1. JAN’S CAMP, MASAI MARA
If you're ready to leave your comfort zone, Jan’s Camp is for you. You’ll spend five, six, or 12 days (for the truly rugged) walking and hiking through the Loita Hills, where you’ll explore the remote and beautiful areas of the Maasai homeland, passing local villages, lush forests, and hidden waterfalls. Don’t worry about getting lost: You’ll have 15 Maasai walking guides leading the way (they may even introduce you to some of their friends). At the end of each trek, enjoy a good night's rest in cozy beds. Our favorite part: You probably won’t run into any other tourists on this one-of-a-kind adventure.
RELATED: 9 Nights Walking With Kenya’s Maasai
2. ELEPHANT WATCH CAMP, SAMBURU NATIONAL RESERVE
Well known for its close ties to Save the Elephants, Elephant Watch Camp is a pioneer in elephant conservation in Kenya’s Samburu National Reserve. Not only is the camp stalwart in its environmental responsibilities, but also, almost all of its team (particularly its guides) come from the Samburu villages bordering the reserve. That means guests get to explore the region and its wildlife with someone who grew up here, and, therefore, knows all the ins and outs. Every experience we’ve had here—from classic game drives to epic treks up the sacred Ol Olokwe mountain—has helped us learn more about the Samburu people and develop an immersive bond, even when English was limited. This camp proves that great hospitality can happen despite language barriers.
3. SARUNI SAMBURU & MARA CAMPS, SAMBURU & MASAI MARA NATIONAL RESERVES
These are technically two camps, but they're both created and run by Saruni in some of Kenya’s top locations. Both lodges are designed into and around their natural environs: the sloping valley hills looking onto the Mara plains and the rugged, rocky landscapes of Samburu-land. Like some other culture-focused places to stay in Kenya, Saruni emphasizes local Maasai and Samburu guiding, sharing their passion for both the people and the land. We suggest taking a stroll to nearby archaeological sites to see Samburu cave rock art at Saruni Samburu.
Unique to Saruni, however, is the Warrior’s Academy, an interactive safari experience we love especially for kids and teens. Guided by your ‘Moran’, or warrior, you can spend up to three days learning folklore and traditional bush skills, including wildlife tracking. This is more than a vacation; you’ll gain a richer perspective on what it means to keep tradition alive in a rapidly Westernizing world.
4. OL MALO, LAIKIPIA
An intimate, family-owned-and-operated property where you call all the shots, Ol Malo is a quirky favorite of ours for so many reasons. The top being its outstanding, authentic Samburu experiences. You'll see traditional song and dances performed by locals, but the goal isn't to make a tourist buck. Think of it as a special peek into daily life rather than an intrusion upon it. We also love swimming in the infinity pool, seeing how to make glassware and dishes, and cooking up our own traditional—and delicious—Samburu meals with fresh goat meat or plant stews. Adventurous eaters with stomachs of steel may choose to sample fresh milk and animal blood from a gourd, but we recommend something a little more palatable for most travelers.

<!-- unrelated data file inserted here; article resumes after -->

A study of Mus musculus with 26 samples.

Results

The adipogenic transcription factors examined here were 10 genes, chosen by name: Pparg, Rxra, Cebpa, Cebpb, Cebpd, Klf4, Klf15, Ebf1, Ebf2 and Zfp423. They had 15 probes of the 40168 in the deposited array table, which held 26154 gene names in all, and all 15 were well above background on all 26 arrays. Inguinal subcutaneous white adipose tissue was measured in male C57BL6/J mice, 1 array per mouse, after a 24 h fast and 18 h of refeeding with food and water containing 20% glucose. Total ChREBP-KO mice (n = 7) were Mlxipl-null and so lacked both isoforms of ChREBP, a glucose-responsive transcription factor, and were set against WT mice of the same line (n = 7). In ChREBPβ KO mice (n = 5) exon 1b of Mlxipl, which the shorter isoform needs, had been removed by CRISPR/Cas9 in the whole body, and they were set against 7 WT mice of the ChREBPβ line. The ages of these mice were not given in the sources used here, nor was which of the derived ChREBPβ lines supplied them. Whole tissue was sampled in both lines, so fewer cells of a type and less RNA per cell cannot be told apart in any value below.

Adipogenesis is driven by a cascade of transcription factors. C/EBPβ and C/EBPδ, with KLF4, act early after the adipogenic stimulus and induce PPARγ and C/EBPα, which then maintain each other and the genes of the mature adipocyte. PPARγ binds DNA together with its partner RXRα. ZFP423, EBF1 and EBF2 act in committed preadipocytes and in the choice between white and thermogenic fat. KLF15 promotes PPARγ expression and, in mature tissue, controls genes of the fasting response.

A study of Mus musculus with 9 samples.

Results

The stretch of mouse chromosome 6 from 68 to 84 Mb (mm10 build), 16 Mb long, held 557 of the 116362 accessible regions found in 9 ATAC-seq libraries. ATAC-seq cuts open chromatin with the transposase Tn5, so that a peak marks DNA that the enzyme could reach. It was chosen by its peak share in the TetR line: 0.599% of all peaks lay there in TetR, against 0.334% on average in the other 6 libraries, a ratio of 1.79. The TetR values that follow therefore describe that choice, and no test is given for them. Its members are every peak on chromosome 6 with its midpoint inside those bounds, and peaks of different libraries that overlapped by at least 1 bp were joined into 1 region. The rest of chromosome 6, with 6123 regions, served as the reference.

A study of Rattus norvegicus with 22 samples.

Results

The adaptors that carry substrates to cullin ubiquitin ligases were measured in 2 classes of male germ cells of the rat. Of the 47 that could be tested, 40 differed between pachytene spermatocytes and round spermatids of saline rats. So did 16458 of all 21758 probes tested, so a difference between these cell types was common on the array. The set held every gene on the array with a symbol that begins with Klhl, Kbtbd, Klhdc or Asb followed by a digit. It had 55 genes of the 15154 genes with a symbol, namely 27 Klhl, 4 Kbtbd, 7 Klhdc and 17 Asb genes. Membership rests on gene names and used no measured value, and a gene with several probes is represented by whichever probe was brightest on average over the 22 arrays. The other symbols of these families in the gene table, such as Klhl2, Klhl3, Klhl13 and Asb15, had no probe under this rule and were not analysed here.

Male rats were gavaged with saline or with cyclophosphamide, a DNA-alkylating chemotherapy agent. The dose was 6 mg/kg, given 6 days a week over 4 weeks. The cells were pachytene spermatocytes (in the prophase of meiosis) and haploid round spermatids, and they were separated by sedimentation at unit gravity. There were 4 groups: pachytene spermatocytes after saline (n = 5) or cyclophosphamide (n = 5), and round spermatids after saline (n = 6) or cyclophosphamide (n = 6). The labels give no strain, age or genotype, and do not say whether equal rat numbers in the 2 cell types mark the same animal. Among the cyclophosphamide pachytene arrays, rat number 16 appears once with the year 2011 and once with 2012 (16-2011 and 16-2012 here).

5. ROBERT’S CAMP, LAIKIPIA
Robert’s Camp sits in the heart of Kenya's Great Rift Valley on Lake Baringo. Accommodations are quite basic, but the views are gorgeous, and the exceptional excursions truly steal the show. Guests have their pick of experiences with some of Kenya’s lesser-known communities in the far north. One of our go-to picks is a day-trip to a remote Pokot village. Largely untouched by modernization, it’s easy to forget about the outside world as you share a meal and partake in daily rituals. A local family can teach you how to cook the area’s abundant fish caught by fisherman in basal wood boats and prepared and served with millet or cornmeal, or as a soup mixed with herbal medicine.
6. LEWA WILDERNESS, LEWA WILDLIFE CONSERVANCY
Lewa Wilderness and the greater Lewa Conservancy is a benchmark conservation success story, and that’s thanks, in part, to its inclusivity of locals. Many of Lewa’s guides come directly from surrounding communities, like the Maasai village of Il Ngwesi or Samburu homesteads, teaching guests to appreciate the beautiful rolling hills of the area the way a local might. Lewa also trains community members through Lewa Crafts Furniture and Kifuma Weaving projects, which guests can visit to admire the fine craftsmanship. Plus, as a guest of the conservancy at large, you have access to additional excursions, like visits to prehistoric archeological sites, plus schools and neighborhood projects. Bottom line: You get a behind-the-scenes look at the conservancy operations while it's happening.
7. SARARA CAMP, MATTHEWS RANGE
Sarara is community-run through and through, and considered among the most lauded conservation initiatives of its kind in Africa. Working closely with the Namunyak community, it’s clear that every staff member and Samburu guide has a veritable interest in the success of this property. Their energy and warmth transforms this intimate camp into an experience more akin to a private homestay, dedicated to providing thoughtful, personalized services.
In or out of camp, Sarara truly is all about forging connections with people. We loved beading with the Sarara Sabache Women’s Group, which fostered honest, engaged conversation between the women and Sarara’s guests. Spending time with the Ilkonono Blacksmiths, the “singing wells,” was another standout for us. The singing wells are part of a special tradition in which Samburu warriors bring their cattle to the dry riverbed and croon aloud as they dig wells for drinking water. Every song is distinct, calling each warrior’s cattle to his particular well. It's amazing to hear in person.